When ‘what’s best for our business’ is not hiring a pregnant woman, adland has failed

In this anonymous submission, a pregnant agency planner challenges the ad industry to be better for women.

I’ve never had a problem with being female. For the most part, the modern male figures in my life have been nothing but respectful, supportive, sensitive and smart. My experience in the ad industry as a twenty-something planner was similar.

And then.

Towards the end of last year, I interviewed for a position at a new agency. The chemistry was great, we really hit it off. The follow up interview went no less swimmingly, and things were looking good.

To their credit, the agency had requested female candidates preferably, to correct the gender imbalance in their ranks. They even told me as much.  

Just not too female, as it turned out.

In the meantime, I discovered that I was pregnant (much to my own surprise).

The job offer came through after New Year’s. It was my dream job, with the promise of great training and mentorship, salary, career progression, and a seemingly lovely team – the full package. Initially, it was a three-month contract, with a view to make it a permanent position.

What now?

Mentors were consulted, as were trusted colleagues and close friends.

Certainly, I could see out the initial three months, but what then?

Friends and family working at progressive places – whether in corporate, law, finance, consulting, design or elsewhere – recalled multiple instances where pregnant women were hired, insisting that this should not affect my eligibility in a modern organisation, especially as I was barely a couple of months along.

Colleagues from our industry were not so sure, the recruiter included.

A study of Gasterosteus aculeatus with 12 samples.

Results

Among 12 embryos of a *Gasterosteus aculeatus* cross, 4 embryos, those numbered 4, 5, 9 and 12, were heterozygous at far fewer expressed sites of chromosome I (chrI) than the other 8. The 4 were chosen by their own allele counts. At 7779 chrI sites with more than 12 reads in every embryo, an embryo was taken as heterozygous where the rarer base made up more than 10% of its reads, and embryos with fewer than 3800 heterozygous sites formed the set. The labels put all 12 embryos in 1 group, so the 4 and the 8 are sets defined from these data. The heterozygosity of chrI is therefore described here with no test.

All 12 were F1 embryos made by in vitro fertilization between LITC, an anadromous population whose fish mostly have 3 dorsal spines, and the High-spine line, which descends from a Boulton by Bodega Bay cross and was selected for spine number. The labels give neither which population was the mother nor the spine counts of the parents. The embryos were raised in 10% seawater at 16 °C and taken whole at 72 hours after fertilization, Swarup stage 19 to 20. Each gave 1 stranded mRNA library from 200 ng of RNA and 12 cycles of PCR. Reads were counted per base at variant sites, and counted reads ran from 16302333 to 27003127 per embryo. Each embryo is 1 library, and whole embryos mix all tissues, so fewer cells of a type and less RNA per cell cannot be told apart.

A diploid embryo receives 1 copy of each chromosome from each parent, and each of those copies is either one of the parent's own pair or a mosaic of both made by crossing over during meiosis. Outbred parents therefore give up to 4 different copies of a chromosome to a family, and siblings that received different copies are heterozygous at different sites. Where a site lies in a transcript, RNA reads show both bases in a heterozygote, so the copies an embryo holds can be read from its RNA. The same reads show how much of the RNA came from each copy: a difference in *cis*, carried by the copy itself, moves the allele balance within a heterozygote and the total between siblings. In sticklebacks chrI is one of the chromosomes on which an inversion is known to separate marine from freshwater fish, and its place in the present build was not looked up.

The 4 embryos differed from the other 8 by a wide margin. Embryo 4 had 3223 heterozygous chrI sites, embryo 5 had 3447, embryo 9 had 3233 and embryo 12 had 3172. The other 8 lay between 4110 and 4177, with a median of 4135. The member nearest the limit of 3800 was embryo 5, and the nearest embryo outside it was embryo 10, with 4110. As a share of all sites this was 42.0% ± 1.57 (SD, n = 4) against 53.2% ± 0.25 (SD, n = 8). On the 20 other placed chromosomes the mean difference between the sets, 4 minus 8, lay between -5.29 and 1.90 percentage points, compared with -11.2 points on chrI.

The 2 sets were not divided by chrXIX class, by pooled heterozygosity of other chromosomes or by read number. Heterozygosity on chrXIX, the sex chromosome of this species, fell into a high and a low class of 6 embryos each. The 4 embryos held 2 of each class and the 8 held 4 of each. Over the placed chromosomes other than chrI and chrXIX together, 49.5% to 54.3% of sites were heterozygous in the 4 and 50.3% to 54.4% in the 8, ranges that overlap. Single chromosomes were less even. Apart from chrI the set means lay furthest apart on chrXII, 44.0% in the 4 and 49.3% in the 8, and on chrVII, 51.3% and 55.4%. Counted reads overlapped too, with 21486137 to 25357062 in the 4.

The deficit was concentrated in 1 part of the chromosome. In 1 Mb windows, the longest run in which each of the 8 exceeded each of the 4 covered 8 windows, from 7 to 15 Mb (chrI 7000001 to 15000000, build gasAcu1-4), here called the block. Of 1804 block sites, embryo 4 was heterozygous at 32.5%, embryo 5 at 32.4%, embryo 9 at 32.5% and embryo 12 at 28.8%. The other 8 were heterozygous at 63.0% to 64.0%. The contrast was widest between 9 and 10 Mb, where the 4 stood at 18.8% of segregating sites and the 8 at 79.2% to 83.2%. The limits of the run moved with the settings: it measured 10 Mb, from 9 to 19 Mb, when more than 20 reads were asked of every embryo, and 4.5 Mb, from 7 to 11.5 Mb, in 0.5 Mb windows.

Ultimately, honesty prevailed as the riskiest but most advisable approach.

“You’re going to need an incredibly open, supportive culture going forward, and how they respond to this will give you a pretty accurate idea of what’s ahead,” I was told.

I took a deep breath and called the agency, explaining the situation.

“I can do this,” I said. “I’m the same candidate who came in a couple months ago. I have an incredibly strong support network, and I’d like to work together to make this work.”

Their tone changed. “We’ve got to do what’s best for our business,” they said, promising to get back to me.  

That was in January. It’s April, and I’m still waiting.

I heard they hired a young, less qualified guy instead.

I guess that’s “what’s best” for their business, a business shortlisted as a finalist for agency of the year in our trade press.

And yet.

We’re an industry that thrives on finding creative solutions to business problems. Our best work comes from risk taking – when we push ourselves and our clients to go out on a limb and venture into the unknown, the uncomfortable. We all know that’s when the magic happens.

This magic is (or should be) built into the culture of an agency. It’s in the diversity of individual experiences that we all bring to the table, collectively.

As an organisation, as a decision-maker, as someone in a position to hire and fire: your watershed moment will come not with awards won, or with how you celebrated International Women’s Day.

Instead, it will come when real life lands on your doorstep in all its messy, beautiful, unexpected, human glory.

It will be how you define “what’s best for our business”.